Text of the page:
After NCAA scandals, NBA considers lowering draft age limit

Former NBA commissioner David Stern wanted to remove NBA scouts from high school gyms, and he did so successfully in 2005 by enacting an age limit on players entering the NBA Draft. Now, to join the league, you’ll need to be at least 19 years old or one year removed from your high school class graduation.

13 years and an FBI probe later, the dark side of college basketball has been exposed, and the NBA has been forced to watch it all happen.

As, essentially, the president of basketball worldwide, NBA commissioner Adam Silver now sees it as his mission to fix a broken system—and that might involve removing the NBA Draft age limit and putting scouts back into the high school basketball system.

“We are looking at changing the relationship we have with players before they reach the NBA,” said one league official. “This is a complex challenge, and there’s still a lot of discussion about how it’s going to happen, but we all see the need to step in.”

Of course, things are a lot more complicated than simply opening up the floodgates again. What the NBA would really like to do is further develop the G-League or some other option for players coming out of high school, allowing them the opportunity to be paid a salary of some sort by NBA franchises as they continue to develop and blazer their trail to the NBA.

“We’re spending a lot of time on it,” said Silver during NBA All-Star Weekend in Los Angeles. “I think there is a big opportunity, on a global basis, focus on elite players in terms of better training, better fitness, so that they ultimately can be successful at the highest level. That is something from a league standpoint, together with our teams, we’re putting an enormous amount of energy and resources into.”

The “one-and-done” system in college basketball has been broken for some time. Everyone knew it, but we never had mountains of hard evidence, until recently, of players being paid and other abuses. Now, the NBA sees a clear need for it to step in and do something about it.

“We’ve talked a lot about youth development in terms of whether we should be getting involved in some of these young players even earlier than when they come into college,” said Silver. “And from a league standpoint, on one hand, we think we have a better draft when we’ve had an opportunity to see these young players play an elite level before they come into the NBA. On the other hand, I think the question for the league is, in terms of their ultimate success, are we better off intersecting with them a little bit younger?”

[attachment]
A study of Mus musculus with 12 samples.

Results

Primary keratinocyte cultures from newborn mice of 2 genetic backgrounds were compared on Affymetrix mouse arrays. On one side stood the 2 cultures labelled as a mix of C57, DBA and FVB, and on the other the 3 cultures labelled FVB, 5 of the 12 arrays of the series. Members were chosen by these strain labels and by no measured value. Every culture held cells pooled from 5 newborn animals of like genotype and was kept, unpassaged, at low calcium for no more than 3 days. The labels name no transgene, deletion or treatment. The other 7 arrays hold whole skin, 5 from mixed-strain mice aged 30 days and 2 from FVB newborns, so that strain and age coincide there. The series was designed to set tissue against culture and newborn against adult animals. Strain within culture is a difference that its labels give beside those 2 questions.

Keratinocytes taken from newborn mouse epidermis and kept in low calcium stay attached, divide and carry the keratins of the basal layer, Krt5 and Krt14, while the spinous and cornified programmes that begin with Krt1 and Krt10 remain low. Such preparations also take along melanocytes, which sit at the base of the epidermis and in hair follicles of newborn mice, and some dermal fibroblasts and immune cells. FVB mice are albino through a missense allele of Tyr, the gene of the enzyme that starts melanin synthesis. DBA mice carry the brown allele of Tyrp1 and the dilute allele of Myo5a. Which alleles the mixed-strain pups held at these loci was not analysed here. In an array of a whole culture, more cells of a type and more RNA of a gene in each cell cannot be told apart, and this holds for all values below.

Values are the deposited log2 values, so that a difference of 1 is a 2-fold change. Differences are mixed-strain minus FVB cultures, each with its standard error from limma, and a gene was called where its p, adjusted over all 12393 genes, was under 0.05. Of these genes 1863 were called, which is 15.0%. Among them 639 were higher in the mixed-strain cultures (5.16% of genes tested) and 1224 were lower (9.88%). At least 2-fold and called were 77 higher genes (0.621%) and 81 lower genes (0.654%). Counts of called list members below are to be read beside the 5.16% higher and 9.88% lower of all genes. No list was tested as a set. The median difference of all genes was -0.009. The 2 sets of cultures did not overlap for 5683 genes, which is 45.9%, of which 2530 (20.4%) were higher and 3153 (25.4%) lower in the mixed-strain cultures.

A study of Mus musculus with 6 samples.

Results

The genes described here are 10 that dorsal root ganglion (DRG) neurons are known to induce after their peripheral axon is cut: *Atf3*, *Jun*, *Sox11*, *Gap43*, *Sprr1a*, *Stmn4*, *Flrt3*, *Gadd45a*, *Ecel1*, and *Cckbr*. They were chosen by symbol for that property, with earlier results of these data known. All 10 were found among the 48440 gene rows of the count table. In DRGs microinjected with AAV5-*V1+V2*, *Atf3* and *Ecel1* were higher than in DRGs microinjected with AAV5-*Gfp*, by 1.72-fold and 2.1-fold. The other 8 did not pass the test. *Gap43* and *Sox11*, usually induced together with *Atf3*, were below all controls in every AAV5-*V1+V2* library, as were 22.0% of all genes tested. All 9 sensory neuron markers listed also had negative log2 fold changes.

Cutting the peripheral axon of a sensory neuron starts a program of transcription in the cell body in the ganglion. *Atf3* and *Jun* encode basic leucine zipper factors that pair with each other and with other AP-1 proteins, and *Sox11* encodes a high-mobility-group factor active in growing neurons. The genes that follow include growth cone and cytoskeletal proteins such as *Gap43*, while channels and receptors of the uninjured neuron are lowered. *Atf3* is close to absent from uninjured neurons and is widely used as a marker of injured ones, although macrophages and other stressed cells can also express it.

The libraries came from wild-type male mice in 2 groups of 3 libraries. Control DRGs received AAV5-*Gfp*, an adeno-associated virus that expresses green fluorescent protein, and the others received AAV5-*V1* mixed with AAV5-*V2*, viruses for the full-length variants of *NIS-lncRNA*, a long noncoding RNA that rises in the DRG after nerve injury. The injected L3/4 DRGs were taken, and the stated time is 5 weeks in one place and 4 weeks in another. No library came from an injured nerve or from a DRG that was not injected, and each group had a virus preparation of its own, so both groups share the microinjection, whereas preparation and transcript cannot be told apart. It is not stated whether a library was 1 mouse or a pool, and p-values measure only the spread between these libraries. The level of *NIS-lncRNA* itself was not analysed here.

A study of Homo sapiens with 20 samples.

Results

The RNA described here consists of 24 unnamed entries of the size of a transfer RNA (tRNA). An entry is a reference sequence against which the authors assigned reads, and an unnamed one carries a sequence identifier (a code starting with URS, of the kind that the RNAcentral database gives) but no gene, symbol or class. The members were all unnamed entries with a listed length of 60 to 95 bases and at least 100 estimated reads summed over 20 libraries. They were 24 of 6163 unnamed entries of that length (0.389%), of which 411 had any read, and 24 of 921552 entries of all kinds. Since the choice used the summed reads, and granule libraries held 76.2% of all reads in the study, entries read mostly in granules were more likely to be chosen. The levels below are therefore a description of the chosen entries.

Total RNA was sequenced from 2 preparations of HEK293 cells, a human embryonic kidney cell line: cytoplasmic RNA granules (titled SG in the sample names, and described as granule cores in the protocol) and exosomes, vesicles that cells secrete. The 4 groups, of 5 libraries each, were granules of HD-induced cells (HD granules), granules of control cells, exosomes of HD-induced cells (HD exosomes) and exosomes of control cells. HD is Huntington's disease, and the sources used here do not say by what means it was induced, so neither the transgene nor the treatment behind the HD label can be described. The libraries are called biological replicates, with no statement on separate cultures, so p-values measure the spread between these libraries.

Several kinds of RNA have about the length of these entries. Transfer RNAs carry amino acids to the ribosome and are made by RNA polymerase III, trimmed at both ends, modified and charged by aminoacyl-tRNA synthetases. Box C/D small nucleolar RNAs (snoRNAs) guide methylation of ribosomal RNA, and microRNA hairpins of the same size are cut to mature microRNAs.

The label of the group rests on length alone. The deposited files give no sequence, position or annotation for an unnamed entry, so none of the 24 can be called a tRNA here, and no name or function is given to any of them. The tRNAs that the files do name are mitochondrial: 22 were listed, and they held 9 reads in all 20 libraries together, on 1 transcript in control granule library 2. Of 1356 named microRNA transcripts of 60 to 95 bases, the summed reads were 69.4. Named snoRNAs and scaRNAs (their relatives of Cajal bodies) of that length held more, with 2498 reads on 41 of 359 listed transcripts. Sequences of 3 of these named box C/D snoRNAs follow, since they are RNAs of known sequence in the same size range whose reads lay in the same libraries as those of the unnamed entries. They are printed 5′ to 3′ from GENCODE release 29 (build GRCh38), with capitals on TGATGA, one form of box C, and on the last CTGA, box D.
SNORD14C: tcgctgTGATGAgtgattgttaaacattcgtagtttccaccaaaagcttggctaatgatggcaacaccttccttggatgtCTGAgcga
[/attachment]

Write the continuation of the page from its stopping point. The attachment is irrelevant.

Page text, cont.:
The league has a history of superstars coming right out of high school, including LeBron James and Kobe Bryant; however, they are few and far between. I think as a society we also tend to overlook the importance of a college education for young millionaires. Even if they aren’t taking their own tests, these athletes could use some basic financial sense before receiving their signing bonus.

Of course, the NCAA keeps screwing up, which makes it hard to say that these players need to go through the system. I mean, does a one-and-done in college actually help much? Are they really learning anything from that?

“People have been saying we need to fix the AAU system for a long time,” said one NBA general manager involved in the league’s discussions on the topic. “At least for some of the kids we may end up having on our roster one day, this may be our chance to start that process.”

The way I see it, the NBA has two options: either force players to go all the way through college (or at least through junior year like the NFL) or allow them to come straight out of high school and improve the financial education and other resources available to players.

“We realize that the whole issue of the one-and-done is that we don’t operate in isolation, and where we choose to set with our players’ association, the minimum age has a direct impact on college basketball as well,” said Silver. “We’re not by any means rushing through this. I think this is a case where, actually, outside of the cycle of collective bargaining, we can spend more time on it with the players’ association, talking to the individual players, talking to the executive board and really trying to understand the pros and cons of potentially moving the age limit.”

Honestly, at this point, high school-to-NBA route seems to make the most sense. The NCAA has proven itself incompetent and unable to handle things on its own. Hopefully, the NBA will make an effort to combat financial illiteracy and the number of players going broke after their playing days.